Construction of a “high-intensity activated crosswalk”—or HAWK—system at the intersection of Fourth Street and Main Street in Ketchum is near completion. The new crosswalk system, as well as a new “pedestrian scramble” crosswalk system at the intersection of Sun Valley Road and Main Street, will be activated on July 8.
HAWK signals are pedestrian-activated traffic control devices designed to create spacing between pedestrians and drivers. The system works similarly to pedestrian crossings at traditional stop lights: Pressing crossing buttons activates flashing lights, signalizing vehicles to stop, allowing pedestrians to cross safely.
For a driver, the HAWK signal appears differently than traditional stop lights. At rest, the HAWK system remains dark and drivers continue in route. Once triggered, it will then go through a series of yellow and red sequences that signal motorists to slow down and stop. When the pedestrian phase is complete, the HAWK will go dark again, allowing motorists to continue through the intersection.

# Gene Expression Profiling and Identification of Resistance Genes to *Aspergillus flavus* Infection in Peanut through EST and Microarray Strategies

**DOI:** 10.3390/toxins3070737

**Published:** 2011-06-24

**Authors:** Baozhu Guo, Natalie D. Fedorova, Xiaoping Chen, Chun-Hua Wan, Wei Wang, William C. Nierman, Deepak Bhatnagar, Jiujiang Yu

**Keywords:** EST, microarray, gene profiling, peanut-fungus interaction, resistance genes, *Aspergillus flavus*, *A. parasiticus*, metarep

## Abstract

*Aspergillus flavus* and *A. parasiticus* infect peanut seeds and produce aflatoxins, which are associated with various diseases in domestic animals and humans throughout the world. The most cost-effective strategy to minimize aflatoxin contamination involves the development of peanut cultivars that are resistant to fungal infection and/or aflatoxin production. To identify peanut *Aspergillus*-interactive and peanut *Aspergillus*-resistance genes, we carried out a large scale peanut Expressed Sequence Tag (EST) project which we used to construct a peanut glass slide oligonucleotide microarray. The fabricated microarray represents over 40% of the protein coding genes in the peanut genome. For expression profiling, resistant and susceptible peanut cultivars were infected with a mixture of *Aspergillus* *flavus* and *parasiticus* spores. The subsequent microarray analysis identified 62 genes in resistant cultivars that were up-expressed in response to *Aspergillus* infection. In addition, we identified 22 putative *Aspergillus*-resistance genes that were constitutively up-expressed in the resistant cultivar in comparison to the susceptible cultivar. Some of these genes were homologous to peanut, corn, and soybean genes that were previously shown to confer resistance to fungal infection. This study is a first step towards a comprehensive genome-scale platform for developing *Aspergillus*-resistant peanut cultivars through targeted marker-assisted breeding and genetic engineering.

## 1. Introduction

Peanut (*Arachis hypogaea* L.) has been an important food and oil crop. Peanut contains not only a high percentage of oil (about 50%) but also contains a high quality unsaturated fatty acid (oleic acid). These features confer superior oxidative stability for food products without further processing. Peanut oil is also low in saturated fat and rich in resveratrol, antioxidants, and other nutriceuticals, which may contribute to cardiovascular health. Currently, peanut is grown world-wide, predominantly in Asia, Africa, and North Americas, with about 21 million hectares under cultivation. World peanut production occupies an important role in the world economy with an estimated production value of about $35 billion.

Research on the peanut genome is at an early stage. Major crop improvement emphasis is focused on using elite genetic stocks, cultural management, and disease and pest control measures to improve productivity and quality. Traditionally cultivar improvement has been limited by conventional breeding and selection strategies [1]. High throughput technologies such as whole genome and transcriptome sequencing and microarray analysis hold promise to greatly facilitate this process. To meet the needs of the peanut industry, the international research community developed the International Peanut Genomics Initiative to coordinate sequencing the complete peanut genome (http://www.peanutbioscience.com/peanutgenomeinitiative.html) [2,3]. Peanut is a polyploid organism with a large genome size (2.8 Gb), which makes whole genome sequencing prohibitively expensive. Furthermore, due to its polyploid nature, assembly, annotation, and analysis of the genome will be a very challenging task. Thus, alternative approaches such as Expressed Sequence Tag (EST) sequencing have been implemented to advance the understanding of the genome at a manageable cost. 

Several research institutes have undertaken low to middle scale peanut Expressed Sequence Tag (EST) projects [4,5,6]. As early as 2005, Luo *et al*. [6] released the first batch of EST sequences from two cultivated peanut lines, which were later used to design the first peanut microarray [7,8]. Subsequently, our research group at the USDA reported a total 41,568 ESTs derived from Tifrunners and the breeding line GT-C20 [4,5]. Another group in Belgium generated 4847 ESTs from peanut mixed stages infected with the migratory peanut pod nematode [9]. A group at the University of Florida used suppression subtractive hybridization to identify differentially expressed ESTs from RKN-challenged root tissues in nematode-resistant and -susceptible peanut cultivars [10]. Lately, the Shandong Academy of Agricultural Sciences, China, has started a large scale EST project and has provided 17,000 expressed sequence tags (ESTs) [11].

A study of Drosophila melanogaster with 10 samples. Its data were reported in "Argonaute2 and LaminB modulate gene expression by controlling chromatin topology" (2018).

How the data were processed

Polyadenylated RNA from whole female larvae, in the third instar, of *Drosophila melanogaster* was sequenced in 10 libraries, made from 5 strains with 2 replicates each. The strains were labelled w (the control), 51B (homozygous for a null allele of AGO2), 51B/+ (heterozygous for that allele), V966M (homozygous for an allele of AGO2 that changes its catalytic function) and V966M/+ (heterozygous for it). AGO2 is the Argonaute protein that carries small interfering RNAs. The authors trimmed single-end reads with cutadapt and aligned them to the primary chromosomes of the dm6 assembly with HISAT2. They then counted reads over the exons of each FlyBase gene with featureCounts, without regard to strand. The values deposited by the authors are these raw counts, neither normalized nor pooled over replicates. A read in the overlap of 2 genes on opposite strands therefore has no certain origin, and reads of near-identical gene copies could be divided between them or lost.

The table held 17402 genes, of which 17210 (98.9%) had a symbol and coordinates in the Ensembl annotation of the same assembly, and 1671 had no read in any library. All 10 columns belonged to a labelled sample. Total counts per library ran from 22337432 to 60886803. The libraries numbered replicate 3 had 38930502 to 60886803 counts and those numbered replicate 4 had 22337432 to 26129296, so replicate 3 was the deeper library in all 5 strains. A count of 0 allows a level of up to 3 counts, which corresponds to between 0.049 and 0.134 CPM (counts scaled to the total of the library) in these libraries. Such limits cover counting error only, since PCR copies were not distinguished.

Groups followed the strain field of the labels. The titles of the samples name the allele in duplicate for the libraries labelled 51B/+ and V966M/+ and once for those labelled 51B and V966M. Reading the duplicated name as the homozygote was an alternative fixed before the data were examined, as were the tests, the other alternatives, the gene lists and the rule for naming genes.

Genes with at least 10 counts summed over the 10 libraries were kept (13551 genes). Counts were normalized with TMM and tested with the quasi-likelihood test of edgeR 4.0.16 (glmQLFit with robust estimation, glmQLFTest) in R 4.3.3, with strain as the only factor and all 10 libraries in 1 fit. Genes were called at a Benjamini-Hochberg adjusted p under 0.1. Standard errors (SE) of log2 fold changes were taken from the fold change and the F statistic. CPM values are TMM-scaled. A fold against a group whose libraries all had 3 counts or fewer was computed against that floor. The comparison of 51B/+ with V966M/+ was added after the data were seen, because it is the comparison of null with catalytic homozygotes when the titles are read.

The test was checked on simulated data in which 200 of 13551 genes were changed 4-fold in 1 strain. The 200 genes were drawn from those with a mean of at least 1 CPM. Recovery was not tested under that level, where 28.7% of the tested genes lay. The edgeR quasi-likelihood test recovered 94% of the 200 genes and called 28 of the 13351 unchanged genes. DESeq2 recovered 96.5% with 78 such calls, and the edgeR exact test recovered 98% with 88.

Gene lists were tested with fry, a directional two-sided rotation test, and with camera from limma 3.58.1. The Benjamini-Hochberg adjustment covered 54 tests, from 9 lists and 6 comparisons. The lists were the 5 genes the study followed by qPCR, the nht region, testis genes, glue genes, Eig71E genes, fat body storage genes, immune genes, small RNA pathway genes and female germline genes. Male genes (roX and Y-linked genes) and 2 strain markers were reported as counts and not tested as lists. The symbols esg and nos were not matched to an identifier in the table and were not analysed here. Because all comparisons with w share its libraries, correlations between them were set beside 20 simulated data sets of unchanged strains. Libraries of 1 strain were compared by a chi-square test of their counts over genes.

The HAWK signal will synchronize with the signal at Sun Valley Road and Main Street, where the Idaho Transportation Department is converting the stop light to a “pedestrian scramble” stop light. A scramble at a traffic signal stops all vehicular traffic to create a pedestrian-only phase for pedestrians to cross the intersection in any direction, including diagonally, at the same time.
“Pedestrian scramble crossings enhance the safety and mobility of pedestrians, although wait times can be longer,” the city stated in a news release. “This redesign eliminates the right-turn-on-red that is allowed at most intersections, but enhances the safety of pedestrians, in that no vehicles move through the intersection while pedestrians cross.”
During a first phase, both systems will be synchronized. A second phase will include synchronization of the traffic lights at First and Main streets and Fifth and Main streets to allow for more optimal traffic flow through the four intersections, the city stated.
The HAWK project was funded by the Ketchum Urban Renewal Agency, in partnership with the Idaho Transportation Department.